Friday, December 22, 2006

The Mob Leans on Rago

Joseph Rago, the assistant editorial features editor at The Wall Street Journal (WSJ) has written a piece that has come under some fire in the blogosphere called The Blog Mob.

For those of you with dyslexia, that was not a slur against Mog calling her a blob.

Mr. Rago makes some very good points in his article and for the most part, I agree with it. Essentially, he claims that the blogosphere rides on the back of the Mainstream Media (MSM). Without the reporting done by the MSM, there's not much to blog about.

Journalism requires journalists, who are at least fitfully confronting the digital age. The bloggers, for their part, produce minimal reportage. Instead, they ride along with the MSM like remora fish on the bellies of sharks, picking at the scraps.
That's a pretty dismissive prose, but I would agree with the underlying concept. I've done a little bit of citizen journalism, like when I went to the San Diego Special Olympics or went to a nursing home along with Love on a Leash. The rest of the time my writing is pretty much reacting to what journalists have dug up.

The MSM aggregates and condenses the news into a single location. I know that if I visit the WSJ and my local paper, I've got most of the general information for the day. I'd hate to have to do that without them, even with synopsizing sites like Instapundit. It's just not realistic to think that you could replace the MSM with individual bloggers.

Mr. Rago goes wrong when he dismisses our news analysis. Yes, much of the blogosphere is chest-beating nonsense. Some of it, however, is expert commentary and analysis. I have a combination of skills and knowledge that I can guarantee you is not found on the payroll of the WSJ. I chose not to be a journalist and because of that choice, I pursued other areas of learning. While my writing may not be as polished as Mr. Rago's compatriots, my analysis in my areas of expertise is far more sophisticated.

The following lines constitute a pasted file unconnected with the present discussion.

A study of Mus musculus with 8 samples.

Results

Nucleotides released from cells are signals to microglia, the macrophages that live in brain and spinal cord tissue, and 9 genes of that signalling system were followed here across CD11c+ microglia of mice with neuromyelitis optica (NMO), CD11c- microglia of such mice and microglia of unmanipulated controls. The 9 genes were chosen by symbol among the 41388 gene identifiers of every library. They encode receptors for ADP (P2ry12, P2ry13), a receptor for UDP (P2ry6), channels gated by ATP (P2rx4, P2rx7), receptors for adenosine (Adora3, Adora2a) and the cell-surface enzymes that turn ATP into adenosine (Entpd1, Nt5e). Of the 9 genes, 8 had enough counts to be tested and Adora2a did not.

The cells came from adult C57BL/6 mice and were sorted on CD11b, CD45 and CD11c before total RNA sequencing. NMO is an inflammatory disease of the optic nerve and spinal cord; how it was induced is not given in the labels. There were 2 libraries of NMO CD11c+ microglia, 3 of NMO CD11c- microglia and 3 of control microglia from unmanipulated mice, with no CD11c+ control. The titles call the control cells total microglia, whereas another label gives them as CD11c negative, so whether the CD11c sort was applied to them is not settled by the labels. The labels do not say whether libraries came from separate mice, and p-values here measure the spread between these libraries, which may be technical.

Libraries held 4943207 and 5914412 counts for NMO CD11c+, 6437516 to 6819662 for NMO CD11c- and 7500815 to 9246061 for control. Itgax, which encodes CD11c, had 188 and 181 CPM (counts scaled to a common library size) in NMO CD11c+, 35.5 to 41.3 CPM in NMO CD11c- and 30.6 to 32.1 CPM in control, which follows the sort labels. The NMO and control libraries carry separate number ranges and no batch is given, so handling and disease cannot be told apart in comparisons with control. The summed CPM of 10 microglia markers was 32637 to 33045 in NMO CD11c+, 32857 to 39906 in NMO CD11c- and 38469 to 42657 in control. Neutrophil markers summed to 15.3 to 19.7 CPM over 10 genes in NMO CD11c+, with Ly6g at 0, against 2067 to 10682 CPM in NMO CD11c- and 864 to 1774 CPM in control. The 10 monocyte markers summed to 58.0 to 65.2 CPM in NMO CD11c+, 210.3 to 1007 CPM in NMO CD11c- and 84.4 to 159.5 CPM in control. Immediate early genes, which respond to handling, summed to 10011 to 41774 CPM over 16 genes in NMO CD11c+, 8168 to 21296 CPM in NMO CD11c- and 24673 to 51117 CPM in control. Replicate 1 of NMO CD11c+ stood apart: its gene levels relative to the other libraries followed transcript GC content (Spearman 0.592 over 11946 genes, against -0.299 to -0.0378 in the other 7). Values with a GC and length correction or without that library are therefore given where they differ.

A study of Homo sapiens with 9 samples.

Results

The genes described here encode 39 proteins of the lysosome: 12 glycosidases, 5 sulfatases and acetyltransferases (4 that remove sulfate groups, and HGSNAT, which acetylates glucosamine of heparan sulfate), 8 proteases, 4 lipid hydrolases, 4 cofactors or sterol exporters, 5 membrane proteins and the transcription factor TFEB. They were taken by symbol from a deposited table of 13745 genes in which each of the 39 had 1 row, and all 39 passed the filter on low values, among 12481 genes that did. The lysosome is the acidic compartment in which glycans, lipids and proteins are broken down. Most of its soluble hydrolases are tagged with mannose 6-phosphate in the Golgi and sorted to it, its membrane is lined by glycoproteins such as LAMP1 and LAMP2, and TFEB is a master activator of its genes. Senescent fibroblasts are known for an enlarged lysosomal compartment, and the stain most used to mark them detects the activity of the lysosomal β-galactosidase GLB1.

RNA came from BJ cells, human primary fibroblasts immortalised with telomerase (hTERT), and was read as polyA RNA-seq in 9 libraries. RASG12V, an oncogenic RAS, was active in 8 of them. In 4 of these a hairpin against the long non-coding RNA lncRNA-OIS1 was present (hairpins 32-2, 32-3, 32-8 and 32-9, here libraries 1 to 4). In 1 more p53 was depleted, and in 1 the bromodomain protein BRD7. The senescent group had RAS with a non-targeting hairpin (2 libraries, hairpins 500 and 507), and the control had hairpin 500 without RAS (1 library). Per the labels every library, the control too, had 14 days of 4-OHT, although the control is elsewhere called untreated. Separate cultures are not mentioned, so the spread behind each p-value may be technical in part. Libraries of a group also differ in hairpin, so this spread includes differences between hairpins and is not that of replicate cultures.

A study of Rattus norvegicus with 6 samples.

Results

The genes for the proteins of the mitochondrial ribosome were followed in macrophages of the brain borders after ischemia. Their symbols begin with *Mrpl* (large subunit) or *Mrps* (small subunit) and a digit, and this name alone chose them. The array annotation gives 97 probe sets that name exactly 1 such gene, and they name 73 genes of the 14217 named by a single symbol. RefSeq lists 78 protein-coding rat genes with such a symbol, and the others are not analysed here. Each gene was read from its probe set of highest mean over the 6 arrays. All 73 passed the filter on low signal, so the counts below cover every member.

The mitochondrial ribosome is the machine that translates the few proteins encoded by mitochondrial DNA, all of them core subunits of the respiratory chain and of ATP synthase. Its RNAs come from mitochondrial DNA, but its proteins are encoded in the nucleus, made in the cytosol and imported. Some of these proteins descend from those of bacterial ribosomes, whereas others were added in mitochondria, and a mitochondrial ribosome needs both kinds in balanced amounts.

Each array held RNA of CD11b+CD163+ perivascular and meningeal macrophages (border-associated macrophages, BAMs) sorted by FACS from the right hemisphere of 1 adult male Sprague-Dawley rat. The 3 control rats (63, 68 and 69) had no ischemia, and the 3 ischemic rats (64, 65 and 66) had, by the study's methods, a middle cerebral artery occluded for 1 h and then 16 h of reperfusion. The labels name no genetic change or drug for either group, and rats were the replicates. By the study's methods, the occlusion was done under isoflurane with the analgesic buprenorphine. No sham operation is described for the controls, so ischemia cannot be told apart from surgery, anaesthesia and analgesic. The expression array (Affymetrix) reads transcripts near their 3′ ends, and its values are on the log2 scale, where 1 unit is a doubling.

That's not a debatable point. It simply is. If you want a better example of this than me, take a look at Steven den Beste. His knowledge of practical engineering applied to current topics, such as alternative sources of energy, is unequaled in the MSM.

What Mr. Rago is missing is that Joseph Conrad was dead wrong.

If the blogs have enthusiastically endorsed Joseph Conrad's judgment of newspapering -- "written by fools to be read by imbeciles" -- they have also demonstrated a remarkable ecumenicalism in filling out that same role themselves.
We are most certainly not imbeciles. On nearly any subject that journalists write about, there's a group of us who know far more than they do. It's the dismissive air of journalists like Mr. Rago that drives us all crazy.

We need the MSM. Their reporting and summarizing gives us a starting point to apply our knowledge and expertise. We can just do without the air of superiority. What the journalists need to realize is that the blogosphere gives voice to what's been there all along. A knowledgeable readership that has a lot to contribute after the journalists have laid the foundation.

Others who have blogged about this include Spacey Gracey, BlogNewsWatch and B2B Insight.

1 comment:

Grayson: Atlanta, GA said...

Thanks for the linkage! All I want for Christmas is more elitist, unfair redolance. Meow.